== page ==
TikTok’s deadline to finalize a U.S. buyer has been extended for the second time in less than a month.
The Trump administration on Wednesday gave the short-form video app’s Chinese owner, ByteDance, until December 4 to conclude a proposed takeover deal by Oracle and Walmart, according to a spokesperson for the Treasury department.
“The Committee on Foreign Investment in the United States (CFIUS) has granted ByteDance a one-week extension…to allow time to review a revised submission that the Committee recently received,” the spokesperson said.
In an executive order this summer, Trump set November 12 as the hard deadline for ByteDance to divest TikTok, which has more than 100 million users in the United States. But as the deadline came and went, confusion reigned over what consequences might be in store for TikTok. Trump’s executive order did not say that TikTok would be banned if it missed the deadline; in fact, it outlines no consequences at all.
Earlier this month, the U.S. government quietly extended that deadline by two weeks to this Friday, November 27, and has now kicked the can further down the road.
TikTok did not immediately respond to a request for comment.
Trump has labelled TikTok a danger to national security — a claim the company has denied and cybersecurity experts doubt — he issued another executive order in August that would have made it illegal to have any business dealings with the company.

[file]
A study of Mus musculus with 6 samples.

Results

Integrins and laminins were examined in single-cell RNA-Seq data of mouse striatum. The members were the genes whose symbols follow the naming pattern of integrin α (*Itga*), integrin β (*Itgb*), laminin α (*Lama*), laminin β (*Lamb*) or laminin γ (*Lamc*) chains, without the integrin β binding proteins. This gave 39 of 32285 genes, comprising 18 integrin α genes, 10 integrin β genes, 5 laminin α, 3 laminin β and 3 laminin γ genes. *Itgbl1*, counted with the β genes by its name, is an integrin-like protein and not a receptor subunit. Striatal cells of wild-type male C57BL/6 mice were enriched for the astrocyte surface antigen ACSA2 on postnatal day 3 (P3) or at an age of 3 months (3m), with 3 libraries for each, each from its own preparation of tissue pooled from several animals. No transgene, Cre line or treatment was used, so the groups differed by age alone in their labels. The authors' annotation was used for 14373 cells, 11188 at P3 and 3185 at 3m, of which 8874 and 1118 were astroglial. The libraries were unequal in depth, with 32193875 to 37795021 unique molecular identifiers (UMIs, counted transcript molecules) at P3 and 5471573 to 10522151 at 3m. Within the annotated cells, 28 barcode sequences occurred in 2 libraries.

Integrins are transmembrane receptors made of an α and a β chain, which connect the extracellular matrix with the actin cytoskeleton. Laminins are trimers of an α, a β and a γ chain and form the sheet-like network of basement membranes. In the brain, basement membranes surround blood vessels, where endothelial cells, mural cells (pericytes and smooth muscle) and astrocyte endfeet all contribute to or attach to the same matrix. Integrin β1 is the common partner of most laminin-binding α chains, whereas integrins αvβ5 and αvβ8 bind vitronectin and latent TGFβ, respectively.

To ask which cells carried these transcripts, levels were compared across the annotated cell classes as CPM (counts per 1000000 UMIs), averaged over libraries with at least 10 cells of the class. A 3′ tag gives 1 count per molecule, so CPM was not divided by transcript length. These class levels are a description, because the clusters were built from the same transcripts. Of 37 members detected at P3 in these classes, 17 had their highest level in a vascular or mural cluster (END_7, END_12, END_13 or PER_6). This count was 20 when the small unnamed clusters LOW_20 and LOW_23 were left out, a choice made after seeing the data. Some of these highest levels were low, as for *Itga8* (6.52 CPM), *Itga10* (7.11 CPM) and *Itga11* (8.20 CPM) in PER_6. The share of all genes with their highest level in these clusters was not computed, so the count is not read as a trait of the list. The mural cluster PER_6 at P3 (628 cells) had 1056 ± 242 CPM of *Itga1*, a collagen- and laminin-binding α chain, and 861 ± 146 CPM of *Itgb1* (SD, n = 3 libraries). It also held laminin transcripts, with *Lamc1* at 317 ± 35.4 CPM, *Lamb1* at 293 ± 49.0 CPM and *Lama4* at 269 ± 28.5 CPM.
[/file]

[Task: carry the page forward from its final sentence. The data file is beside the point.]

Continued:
The U.S. Commerce Department tried to enforce that order by attempting to ban downloads of the app in September. The agency also said that by mid-November, internet companies would be banned from carrying TikTok’s traffic.
Both of those measures have been temporarily blocked by federal judges after TikTok and TikTok content creators sued in separate cases to prevent them from going into effect.
ByteDance’s proposed solution to the order, the deal with Walmart and Oracle, would see TikTok reorganized as a new, global company headquartered in the United States, with US investors accounting for a majority of the new company’s ownership.
Trump tentatively approved that deal in September when it was announced. But the arrangement has yet to be finalized by the U.S. government. (It would also still need to be greenlit by Chinese regulators.)
For now, until next Friday, TikTok users will still be able to access the app while the Trump administration’s ban remains suspended due to litigation.